A NASA-funded scientist has been charged with fraud and conspiracy, federal prosecutors announced Monday, saying he was working as a Chinese researcher at the same time he was taking U.S. government money.
The FBI says Zhengdong Cheng hid his Chinese associations, including being part of China’s Thousands Talents Program that seeks to illicitly siphon U.S. research. If his involvement had been known, he wouldn’t have been allowed on the NASA-funded project.
So he lied about his ties to Texas A&M University, where he was working and which had the NASA contract, the government charged.
“Once again, we have witnessed the criminal consequences that can arise from undisclosed participation in the Chinese government’s talent program,” said John C. Demers, assistant attorney general for national security.
“China is building an economy and academic institutions with bricks stolen from others all around the world,” said Ryan K. Patrick, U.S. attorney for the Southern District of Texas, where the case was brought.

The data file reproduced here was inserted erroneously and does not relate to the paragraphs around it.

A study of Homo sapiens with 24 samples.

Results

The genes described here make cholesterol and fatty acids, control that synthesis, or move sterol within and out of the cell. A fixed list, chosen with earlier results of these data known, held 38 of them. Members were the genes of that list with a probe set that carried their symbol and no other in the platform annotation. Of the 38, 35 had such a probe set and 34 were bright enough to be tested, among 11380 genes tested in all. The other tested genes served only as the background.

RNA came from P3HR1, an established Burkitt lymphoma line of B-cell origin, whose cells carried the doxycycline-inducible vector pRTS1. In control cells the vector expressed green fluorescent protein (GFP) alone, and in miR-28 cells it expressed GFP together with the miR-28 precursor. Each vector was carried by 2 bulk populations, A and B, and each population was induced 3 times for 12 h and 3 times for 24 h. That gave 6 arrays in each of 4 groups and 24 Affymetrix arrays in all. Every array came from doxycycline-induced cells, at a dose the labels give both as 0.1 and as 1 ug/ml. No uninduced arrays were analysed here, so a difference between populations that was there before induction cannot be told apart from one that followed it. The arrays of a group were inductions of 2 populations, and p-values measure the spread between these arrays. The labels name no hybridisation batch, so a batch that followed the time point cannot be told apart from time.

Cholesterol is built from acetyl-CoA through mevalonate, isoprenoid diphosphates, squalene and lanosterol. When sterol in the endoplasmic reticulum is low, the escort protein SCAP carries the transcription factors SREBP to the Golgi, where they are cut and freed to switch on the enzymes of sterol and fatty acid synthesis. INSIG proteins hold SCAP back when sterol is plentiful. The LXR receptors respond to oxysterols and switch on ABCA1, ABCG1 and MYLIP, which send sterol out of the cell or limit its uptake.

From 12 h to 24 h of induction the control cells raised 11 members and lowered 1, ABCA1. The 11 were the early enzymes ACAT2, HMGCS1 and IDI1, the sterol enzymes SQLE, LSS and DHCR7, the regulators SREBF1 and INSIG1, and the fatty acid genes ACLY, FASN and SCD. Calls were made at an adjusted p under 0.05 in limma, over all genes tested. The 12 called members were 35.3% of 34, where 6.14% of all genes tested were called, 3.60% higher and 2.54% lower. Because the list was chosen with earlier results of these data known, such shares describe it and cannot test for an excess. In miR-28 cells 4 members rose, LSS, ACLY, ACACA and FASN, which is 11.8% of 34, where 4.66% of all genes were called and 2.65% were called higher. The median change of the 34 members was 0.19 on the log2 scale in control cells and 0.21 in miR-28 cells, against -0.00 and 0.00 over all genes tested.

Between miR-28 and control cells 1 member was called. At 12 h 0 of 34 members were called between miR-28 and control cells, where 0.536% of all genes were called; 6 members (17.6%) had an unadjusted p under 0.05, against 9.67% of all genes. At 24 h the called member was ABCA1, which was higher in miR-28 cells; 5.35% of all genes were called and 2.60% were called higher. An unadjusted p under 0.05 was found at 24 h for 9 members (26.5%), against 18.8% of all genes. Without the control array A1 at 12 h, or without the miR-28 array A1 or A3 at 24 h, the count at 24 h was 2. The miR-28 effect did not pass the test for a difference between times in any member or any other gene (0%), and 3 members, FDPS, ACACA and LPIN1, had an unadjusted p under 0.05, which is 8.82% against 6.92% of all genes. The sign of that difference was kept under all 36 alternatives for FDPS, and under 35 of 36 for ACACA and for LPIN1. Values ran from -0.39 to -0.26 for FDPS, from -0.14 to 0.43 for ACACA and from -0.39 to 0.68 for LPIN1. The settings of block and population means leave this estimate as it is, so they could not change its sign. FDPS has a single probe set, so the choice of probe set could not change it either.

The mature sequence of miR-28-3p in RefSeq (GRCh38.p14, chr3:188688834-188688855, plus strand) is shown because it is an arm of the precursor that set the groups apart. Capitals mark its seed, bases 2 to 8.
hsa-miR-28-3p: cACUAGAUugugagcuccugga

The NASA research gave Mr. Cheng access to International Space Station resources, FBI Special Agent Benjamin Harper wrote.
He was able to improve his standing in the eyes of China’s Thousands Talents Program, the FBI said.
The charges are the latest in a string of cases the Trump administration has brought against scientists it says are double-dipping, working for American universities or companies while also in the employ of China, and funneling the research back to Beijing-controlled interests.
Federal law for some years has barred NASA research contracts from going to entities or people with ties to China.
The law specifically includes Chinese universities, which are run under the purview of the central government’s Ministry of Education, in that prohibition. Mr. Cheng was a professor and then director of an institute at Guangdong University of Technology, the FBI said.
Mr. Cheng is charged with conspiracy, wire fraud and making a false statement.
“This is pretty simple: If you work for NASA, you can’t work for Chairman Xi,” said Sen. Ben Sasse, Nebraska Republican. “The Chinese Communist Party has a strategy to lie, cheat and steal its way to technological dominance, and we can’t let that happen. This arrest is good news and it ought to be a warning to others not to get into bed with Beijing.”